Scientists discover a new cause for a rare form of liver cancer

Scientists from the German Cancer Research Center (Deutsches Krebsforschungszentrum, DKFZ) and the Hebrew University of Jerusalem have identified in mice the origin cell of mixed liver/biliary duct carcinomas, a rare form of liver cancer. It was discovered that the pro-inflammatory immunological messenger interleukin 6 (IL-6) drives carcinogenesis. The inhibition of IL-6 decreased the number and size of tumours in mice.

Cancer of the liver encompasses hepatocellular carcinoma, intrahepatic carcinoma of the bile duct, and a mixed type, combination liver/biliary duct cacrinoma (cHCC/CCA). The cells of cHCC/CCA display characteristics of both types of cancer. This unusual cHCC/CCA is regarded as extremely aggressive and responds poorly to available therapies.

A team lead by Mathias Heikenwalder of the German Cancer Research Center and Eithan Galun of the Hebrew University of Jerusalem sought for the biological origin of these cancers in order to uncover potential therapeutic targets. The investigations were conducted on mice that were genetically manipulated to develop chronic liver inflammation and hepatocellular carcinoma at a later age, as well as cHCC/CCA later on. The molecular profile of the cHCC/CCA tumour cells in these animals was very similar to that of human cHCC/CCA tumour cells.

The German-Israeli researchers discovered that cHCC/CCA develops from liver cell progenitors that have degenerated. Hepatocellular carcinoma, on the other hand, most likely starts from injured mature liver cells.

Genes of the pro-inflammatory interleukin 6 (IL-6) signalling pathway are highly activated in cHCC/CCA cells. Aging immune cells produce the IL-6 that triggers this signalling pathway. The characteristic of cell ageing, which scientists refer to as “senescence,” is the release of a complete cocktail of pro-inflammatory signalling chemicals, IL-6 being the most important.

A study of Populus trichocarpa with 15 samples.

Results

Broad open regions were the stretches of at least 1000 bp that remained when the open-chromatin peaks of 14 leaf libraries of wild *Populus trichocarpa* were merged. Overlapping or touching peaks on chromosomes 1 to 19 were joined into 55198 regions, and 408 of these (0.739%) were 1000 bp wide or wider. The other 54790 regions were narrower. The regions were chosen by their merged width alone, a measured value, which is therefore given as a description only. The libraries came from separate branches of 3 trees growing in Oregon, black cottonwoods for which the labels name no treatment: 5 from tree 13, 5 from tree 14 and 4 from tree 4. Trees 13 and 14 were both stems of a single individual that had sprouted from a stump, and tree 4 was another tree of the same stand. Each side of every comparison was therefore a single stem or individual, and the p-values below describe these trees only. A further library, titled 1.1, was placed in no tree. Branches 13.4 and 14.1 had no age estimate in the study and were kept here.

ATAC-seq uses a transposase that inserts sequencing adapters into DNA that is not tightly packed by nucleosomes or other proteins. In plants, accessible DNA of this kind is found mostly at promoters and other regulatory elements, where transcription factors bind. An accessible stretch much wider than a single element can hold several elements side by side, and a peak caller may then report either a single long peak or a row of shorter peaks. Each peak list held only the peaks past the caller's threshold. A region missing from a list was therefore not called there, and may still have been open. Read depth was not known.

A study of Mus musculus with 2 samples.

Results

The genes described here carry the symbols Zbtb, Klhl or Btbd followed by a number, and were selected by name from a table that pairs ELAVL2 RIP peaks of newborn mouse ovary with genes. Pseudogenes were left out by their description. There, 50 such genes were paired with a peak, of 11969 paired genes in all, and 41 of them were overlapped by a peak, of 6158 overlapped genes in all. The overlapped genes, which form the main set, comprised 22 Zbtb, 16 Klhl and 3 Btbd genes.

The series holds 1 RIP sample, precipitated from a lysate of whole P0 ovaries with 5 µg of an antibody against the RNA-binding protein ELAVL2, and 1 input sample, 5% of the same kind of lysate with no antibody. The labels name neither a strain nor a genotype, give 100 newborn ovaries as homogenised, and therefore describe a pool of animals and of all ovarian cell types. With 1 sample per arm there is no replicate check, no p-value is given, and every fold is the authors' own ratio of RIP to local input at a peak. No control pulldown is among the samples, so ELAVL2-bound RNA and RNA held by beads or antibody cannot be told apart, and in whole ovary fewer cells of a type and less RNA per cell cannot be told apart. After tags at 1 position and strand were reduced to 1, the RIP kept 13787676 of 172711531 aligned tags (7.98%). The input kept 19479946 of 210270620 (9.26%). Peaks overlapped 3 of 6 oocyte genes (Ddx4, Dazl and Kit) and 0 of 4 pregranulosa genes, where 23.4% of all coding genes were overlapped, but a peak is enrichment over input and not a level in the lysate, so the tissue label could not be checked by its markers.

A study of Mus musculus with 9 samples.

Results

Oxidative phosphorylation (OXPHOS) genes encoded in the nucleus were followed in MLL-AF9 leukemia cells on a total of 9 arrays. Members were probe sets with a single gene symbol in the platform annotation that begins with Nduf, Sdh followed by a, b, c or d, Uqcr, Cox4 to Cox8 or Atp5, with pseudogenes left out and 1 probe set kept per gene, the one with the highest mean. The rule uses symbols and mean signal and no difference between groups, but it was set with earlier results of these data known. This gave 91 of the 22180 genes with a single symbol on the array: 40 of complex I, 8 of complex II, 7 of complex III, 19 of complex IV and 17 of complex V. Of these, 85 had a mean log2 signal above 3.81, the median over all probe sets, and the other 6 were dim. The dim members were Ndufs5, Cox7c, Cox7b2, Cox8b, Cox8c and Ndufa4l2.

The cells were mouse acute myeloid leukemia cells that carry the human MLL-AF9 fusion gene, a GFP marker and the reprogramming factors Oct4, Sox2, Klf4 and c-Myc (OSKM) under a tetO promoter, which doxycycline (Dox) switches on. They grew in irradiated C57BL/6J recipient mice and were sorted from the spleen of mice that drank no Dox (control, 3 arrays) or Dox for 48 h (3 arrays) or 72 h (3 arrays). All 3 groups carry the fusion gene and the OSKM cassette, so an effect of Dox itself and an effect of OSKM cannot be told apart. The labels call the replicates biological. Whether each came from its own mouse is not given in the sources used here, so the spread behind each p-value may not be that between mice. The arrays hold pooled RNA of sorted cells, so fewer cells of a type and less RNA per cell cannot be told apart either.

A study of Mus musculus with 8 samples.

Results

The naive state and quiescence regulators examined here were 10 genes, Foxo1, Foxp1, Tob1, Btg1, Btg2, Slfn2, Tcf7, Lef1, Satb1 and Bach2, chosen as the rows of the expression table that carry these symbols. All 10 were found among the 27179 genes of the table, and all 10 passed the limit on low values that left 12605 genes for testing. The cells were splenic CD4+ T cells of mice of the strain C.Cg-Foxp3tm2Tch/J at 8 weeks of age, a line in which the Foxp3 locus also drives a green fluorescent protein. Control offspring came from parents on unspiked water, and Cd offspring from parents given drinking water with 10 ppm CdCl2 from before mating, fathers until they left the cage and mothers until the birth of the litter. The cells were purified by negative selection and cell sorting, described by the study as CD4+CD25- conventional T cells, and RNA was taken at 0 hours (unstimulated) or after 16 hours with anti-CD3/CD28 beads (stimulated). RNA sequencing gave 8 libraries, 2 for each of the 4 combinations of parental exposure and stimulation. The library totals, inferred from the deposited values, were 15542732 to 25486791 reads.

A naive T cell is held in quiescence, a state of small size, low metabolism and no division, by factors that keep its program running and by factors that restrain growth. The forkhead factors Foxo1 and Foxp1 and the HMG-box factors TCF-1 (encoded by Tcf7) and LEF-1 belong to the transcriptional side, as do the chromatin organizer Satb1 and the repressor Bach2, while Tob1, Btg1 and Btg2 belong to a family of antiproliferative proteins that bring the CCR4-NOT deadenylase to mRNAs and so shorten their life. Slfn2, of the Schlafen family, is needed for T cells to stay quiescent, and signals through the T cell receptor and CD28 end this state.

Specific antibodies that inhibited the action of IL-6 lowered the number and size of cHCC/CCA tumours in mice. A substance that induces senescent cells to undergo programmed cell death apoptosis, hence eliminating the source of IL-6, reduced the formation of cHCC/CCA.

The most successful treatment for cHCC/CCA at now is surgical excision of the tumours. It is only effective if the cancer is diagnosed in its earliest stages. Mathias Heikenwalder, one of the publication’s corresponding authors, explains: “Blocking IL-6 or medicines that kill senescent IL-6-producing cells could now be evaluated as prospective treatment methods for this form of cancer.”

There is currently mounting evidence that some hepatocellular carcinoma tumours also contain cHCC/CCA cells. This indicates that certain people with hepatocellular cancer could possibly benefit from prospective therapies for cHCC/CCA.”


Journal reference:

Rosenberg, N., et al. (2022) Combined hepatocellular-cholangiocarcinoma derives from liver progenitor cells and depends on senescence and IL6 trans-signaling. Journal of Hepatology.